In early December the Cincinnati Reds non-tendered catcher Curt Casali. That move signaled to everyone that the organization was ready to hand the keys to the car over to Tyler Stephenson for at least some of the catching duties at the big league level. He’s going to be sharing that gig with two-time Gold Glove catcher Tucker Barnhart in 2021. But how that time is split up hasn’t quite been determined yet.
“I‘m real confident that it’s going to work itself out,” said Reds manager David Bell. “Mainly, one of the reasons is that one’s a left-handed hitter and one’s a right-handed hitter. I think they’re in such different places in their career, which will make it easier too. You have one of them in Tyler, you need to get him experience and you need to get him in there, but at the same time there’s some benefits to easing him in. Then you have Tuck, he’s handled everything, he’s experienced everything at this point in his career.”
Typically a platoon situation works out well when you do have a lefty hitter and a righty hitter that are sharing the playing time. But with catchers you do tend to lean less on the bat and more on the defensive side of things. Tucker Barnhart gave up switch-hitting during the season last year, going to his natural left-handed only side. He’s been significantly better at the plate as a lefty in his career, posting a .729 OPS from the left side. From the right side of the plate, in about a quarter of the playing time, he’s posted just a .591 OPS.
There are a lot more right-handed pitchers in baseball than left-handed pitchers, and with the three batter minimum in the game today, that ratio could be changing even more as lefty relief specialist numbers could dwindle. That makes for a full “lefty vs righty” platoon situation a rather uneven situation. If that were strictly the way things would play out, Tyler Stephenson wouldn’t play very often as the opportunities to face left-handed pitchers simply wouldn’t be there.
“I think the easy way to look at it would be Tyler would play against the left handers,” said Bell. “But I know Tuck doesn’t want to accept that he’s not going to face left handers either. Like I said we’re going to get him at-bats here (spring training) against left handed pitching. So it’ll work itself out – they’re both going to play a lot. I typically don’t go into a situation where we try to match guys up with a starter. Mainly I think it’s important that both catchers try and develop that relationship with all of our pitchers. That’s happened over the last couple of years. Sometimes it just naturally happens where there’s just a natural chemistry between a pitcher and a catcher, and we need to be aware of that and acknowledge that. But not going into planning it that way.”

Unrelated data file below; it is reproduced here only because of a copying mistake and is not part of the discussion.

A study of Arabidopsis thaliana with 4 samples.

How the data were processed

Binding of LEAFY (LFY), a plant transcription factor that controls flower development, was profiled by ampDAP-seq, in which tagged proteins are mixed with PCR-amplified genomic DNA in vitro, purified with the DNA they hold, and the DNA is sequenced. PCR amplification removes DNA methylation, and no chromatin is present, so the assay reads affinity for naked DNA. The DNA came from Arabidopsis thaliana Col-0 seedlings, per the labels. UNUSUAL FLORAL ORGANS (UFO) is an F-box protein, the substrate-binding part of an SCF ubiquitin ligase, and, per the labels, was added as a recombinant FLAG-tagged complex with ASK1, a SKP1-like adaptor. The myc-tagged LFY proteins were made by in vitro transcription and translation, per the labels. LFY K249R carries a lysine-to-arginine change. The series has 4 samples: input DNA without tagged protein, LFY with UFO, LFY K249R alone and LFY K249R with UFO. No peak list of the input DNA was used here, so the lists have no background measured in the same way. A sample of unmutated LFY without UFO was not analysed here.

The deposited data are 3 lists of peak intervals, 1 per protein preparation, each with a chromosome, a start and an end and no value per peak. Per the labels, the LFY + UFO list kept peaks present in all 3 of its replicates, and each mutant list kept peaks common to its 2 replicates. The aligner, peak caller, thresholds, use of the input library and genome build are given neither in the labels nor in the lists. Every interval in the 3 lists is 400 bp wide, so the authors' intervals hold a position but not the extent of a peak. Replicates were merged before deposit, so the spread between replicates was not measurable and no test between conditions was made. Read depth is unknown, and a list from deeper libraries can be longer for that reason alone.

Outside of the new pitchers on the staff that came over during the offseason, Tucker Barnhart has plenty of experience catching everyone. He’s the second longest tenured Red behind Joey Votto, and he’s been the main catcher for nearly that entire time. For Stephenson, while he’s caught some of the guys in spring training in the past, as well as a little bit last season in the rookie year – he’s limited with the time he’s had with a lot of guys.
“The more time the better,” said Stephenson when asked about who he was looking forward to catching this spring. “I haven’t caught (Luis) Castillo yet, so that’s somebody I obviously want to get as much time as possible. My first start was with Sonny (Gray), but still, I want to catch him as many times as possible to get familiar with him. All the other guys, it’s the same thing, it’s not going to be a bad thing – the more time the better.”
David Bell was complimentary of what he saw from Tyler Stephenson last year. And he’s a believer in his upside, too, but he’s not ready to just hand the young prospect the full time job, either.
“He took big strides last year – defensively, offensively,” Bell said. “The sky is the limit, there is no limitations on him. He’s a big , strong, athletic, intelligent – he really has all of the tools. Like I said, the biggest thing is as a young player you’ve really got to believe in what you’re doing and it’s never a straight line, a straight path – there’s ups and downs, and he’s going to go through those and we know that. But with his attitude we know he’s ready to take on those challenges. Any setbacks, any mistakes or failures, he’s going to learn from it. And it’ll happen quick for him. He’s been a prospect and now it’s one day at a time, just getting him acclimated again in a different role. He’s going to be playing – obviously no guarantees going into the season, but he’s got an opportunity to not only make our team, but be a big part of it.”
It seems that David Bell is going to let the play dictate the way that the playing time is split up between Tyler Stephenson and Tucker Barnhart. There are some advantages – particularly the lefty/righty hitter thing – that he may consider at times, but it seems that Stephenson’s going to have to get on the field and show that he has what it takes to get more time on the field. The position is one where you just don’t see very many players put in 130 games, so there’s going to be some splitting of the playing time no matter what. But how far beyond 45/55 that goes is likely going to come down to the performance as the season goes along rather than there being a set plan heading into the year.